Dental instruments are possible agents for pathogen transmission.
If it’s not clean, it shouldn’t be sterilized
Investigators have reported contamination rates of 60% on patient-ready hospital instruments.
Inorganic and organic materials interfere with antimicrobial activity of disinfectants and sterilization.¹
It is impossible to disinfect or even sterilize an inadequately cleaned instrument.² : “Any disinfection process is doomed to fail if cleaning is inadequate”.³
6. Buss et al., 2008, Kovalera et al., 2009
Why worry about dental equipment ?
The importance of cleaning in the decontamination process
If organic soil and biofilm matrix is not removed by the cleaning phase, it is subsequently baked onto the surface of the instrument by the sterilization process, in a vicious circle of contamination that is increasingly difficult to remove.
Centers for Disease Control (CDC) and other regulatory bodies clearly state that instruments should be thoroughly cleaned prior to sterilization for complete risk management.
Investigation in dental offices
Tests revealing presence or absence of residual organic contamination were performed on clean, sterilized instruments. Assessment of two dental offices are reported herein :
Protocol: Detection and Removal of Biofilm matrix and Protein contamination
Detection – A patented coloration technique was utilized to reveal presence or absence of organic contamination on selected patient-ready instruments (21 in Dental Office A and 17 in Dental Office B). Instruments were first immersed in a blue colorant for 5 minutes, secondly immersed in an indicator solution for 2 minutes and finally rinsed in clear water. Any remaining blue stains on the surface of the instruments indicate the presence of organic contamination, despite the instruments having been subjected to the decontamination process.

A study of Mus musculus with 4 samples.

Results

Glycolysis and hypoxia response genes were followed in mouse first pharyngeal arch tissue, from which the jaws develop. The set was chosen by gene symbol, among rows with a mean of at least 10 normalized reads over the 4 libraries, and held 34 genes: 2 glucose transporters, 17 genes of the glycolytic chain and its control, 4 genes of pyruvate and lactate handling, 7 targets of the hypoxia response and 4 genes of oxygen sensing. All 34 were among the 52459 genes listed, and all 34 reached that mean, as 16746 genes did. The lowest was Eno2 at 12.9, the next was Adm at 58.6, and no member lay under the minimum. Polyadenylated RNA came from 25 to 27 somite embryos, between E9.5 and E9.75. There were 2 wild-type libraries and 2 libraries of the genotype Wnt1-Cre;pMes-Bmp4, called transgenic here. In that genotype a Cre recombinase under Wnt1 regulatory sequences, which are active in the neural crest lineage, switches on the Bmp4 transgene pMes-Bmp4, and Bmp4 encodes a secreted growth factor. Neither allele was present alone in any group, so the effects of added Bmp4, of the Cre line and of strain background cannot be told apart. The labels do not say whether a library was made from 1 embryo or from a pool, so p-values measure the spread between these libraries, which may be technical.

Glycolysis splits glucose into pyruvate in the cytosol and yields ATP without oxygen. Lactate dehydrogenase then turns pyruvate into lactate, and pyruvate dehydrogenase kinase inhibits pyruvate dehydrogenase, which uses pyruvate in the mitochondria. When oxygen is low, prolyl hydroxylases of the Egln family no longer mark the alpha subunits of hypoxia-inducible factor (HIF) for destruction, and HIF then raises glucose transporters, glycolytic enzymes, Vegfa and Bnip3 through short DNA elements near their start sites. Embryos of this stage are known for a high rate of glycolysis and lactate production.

Removal – Following the detection phase, instruments displaying residual contamination were subjected to a 15-minute treatment with OneLife’s high-level detergent in an ultrasound bath at 45°C.
In both dental offices, the detection protocol revealed that 76% of patient-ready instruments were contaminated. This high contamination rate reveals the inadequacy of the cleaning currently in place. The CDC states that such residual organic materials that remain on the surface of instruments interfere with the effectiveness of disinfection and sterilization and should be eliminated. A single treatment with OneLife’s high-level enzymatic detergent reduced the number of contaminated instruments from 76% to 5.8% and 4.8% respectively.
Changing a key parameter of the Sinner Circle and improving the detergent quality removed almost all the contamination. A single treatment with high-level detergent enabled recovery of almost all instruments to their clean state thanks to OneLife’s specific, patented enzymatic compound that completely breaks down organic soil and biofilm matrix.